Street under siege

The veld in question. The two people shown are walking from Corlett Avenue in the direction of the large tract of land behind the houses in Mark Twain Street. (Photo: Riaan van Zyl)

The 15 houses in Longfellow Street are hidden away just enough to have made them soft targets for housebreakings.

Almost every house in the street (see red arrow) has been targeted, some as many as five times. In the last month alone, one resident, who like the others we spoke to, does not want to be identified for fear of victimisation, said she was aware of at least five break-ins. Her own family fell prey to housebreakers just after 5am on Friday, 30 June. She said it has become very clear that the houses in the street are being watched and residents’ routines meticulously noted. She is now attempting to regularly change her routine. According to her, suspicious vehicles and people can often be seen, not only in the street but in the veld that crosses the street (see green arrow) and which is used as shortcut, not only by pedestrians but also vehicles, from Corlett Avenue to Mark Twain Street and in the huge empty tract of land behind the houses.

Read more: Photos: Housebreakers caught after high-speed chase and accident

An aerial view of the street in question. Photo: Google Maps.

Everyone, including Frik van Zyl of West Suburbs Roodepoort Neighbourhood Watch (WSRNW), is in agreement that the strip of veld is being used by criminals as a quick escape route. The specific resident in question said they have approached City Parks and various other municipal entities to assist with the problem of the veld but to no avail. Some residents have even taken to putting rocks on the strip in order to prevent vehicles from driving through it.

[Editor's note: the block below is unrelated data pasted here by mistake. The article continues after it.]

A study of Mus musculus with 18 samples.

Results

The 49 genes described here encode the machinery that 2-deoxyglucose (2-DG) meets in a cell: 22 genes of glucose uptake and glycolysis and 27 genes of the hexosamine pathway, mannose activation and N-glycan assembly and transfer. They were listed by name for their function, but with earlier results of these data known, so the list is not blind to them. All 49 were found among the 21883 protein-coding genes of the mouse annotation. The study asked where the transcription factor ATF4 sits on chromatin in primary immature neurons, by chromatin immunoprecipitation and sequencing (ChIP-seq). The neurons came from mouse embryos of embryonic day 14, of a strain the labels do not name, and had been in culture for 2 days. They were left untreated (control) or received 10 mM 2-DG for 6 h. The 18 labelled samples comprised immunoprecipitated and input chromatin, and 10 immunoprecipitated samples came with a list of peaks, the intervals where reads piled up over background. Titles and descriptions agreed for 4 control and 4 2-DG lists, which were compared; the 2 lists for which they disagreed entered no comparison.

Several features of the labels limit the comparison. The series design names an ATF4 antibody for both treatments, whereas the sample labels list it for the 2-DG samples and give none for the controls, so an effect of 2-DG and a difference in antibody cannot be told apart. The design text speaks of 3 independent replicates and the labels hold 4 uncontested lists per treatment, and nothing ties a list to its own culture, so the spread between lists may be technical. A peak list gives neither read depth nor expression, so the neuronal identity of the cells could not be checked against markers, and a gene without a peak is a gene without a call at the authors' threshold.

The woman’s father, a pensioner who resides with her, showed the Record the extensive security measures he has put in place, but said the criminals still manage to bypass them. Most of the houses in the street back onto Progress Road, while the others back onto Corlett Avenue. One would assume that these busy roads would be a deterrent for criminals but that is not the case. “The problem is that there are many individuals hanging around here under the guise of day labourers. For this reason, the people in passing vehicles take very little notice of them and they have ample time to watch and study houses and their occupants’ comings and goings,” said the pensioner. “Another problem is a business that is being run from a house nearby. Again there is a constant flow of strangers whose real intentions could be shady,” he said.

Van Zyl said the WSRNW has members in Longfellow Street but the veld remains a headache. He would be looking into the problem again but encouraged the residents of the street to join the Neighbourhood Watch. He can be contacted on 084 581 9223.

Edna Mamonyane, spokesperson for the Metro Police, has indicated that they will investigate the business in question to make sure it is legitimate and in accordance with the City’s by-laws.

Do you perhaps have more information pertaining to this story? Email us at [email protected] (remember to include your contact details) or phone us on 011 955 1130.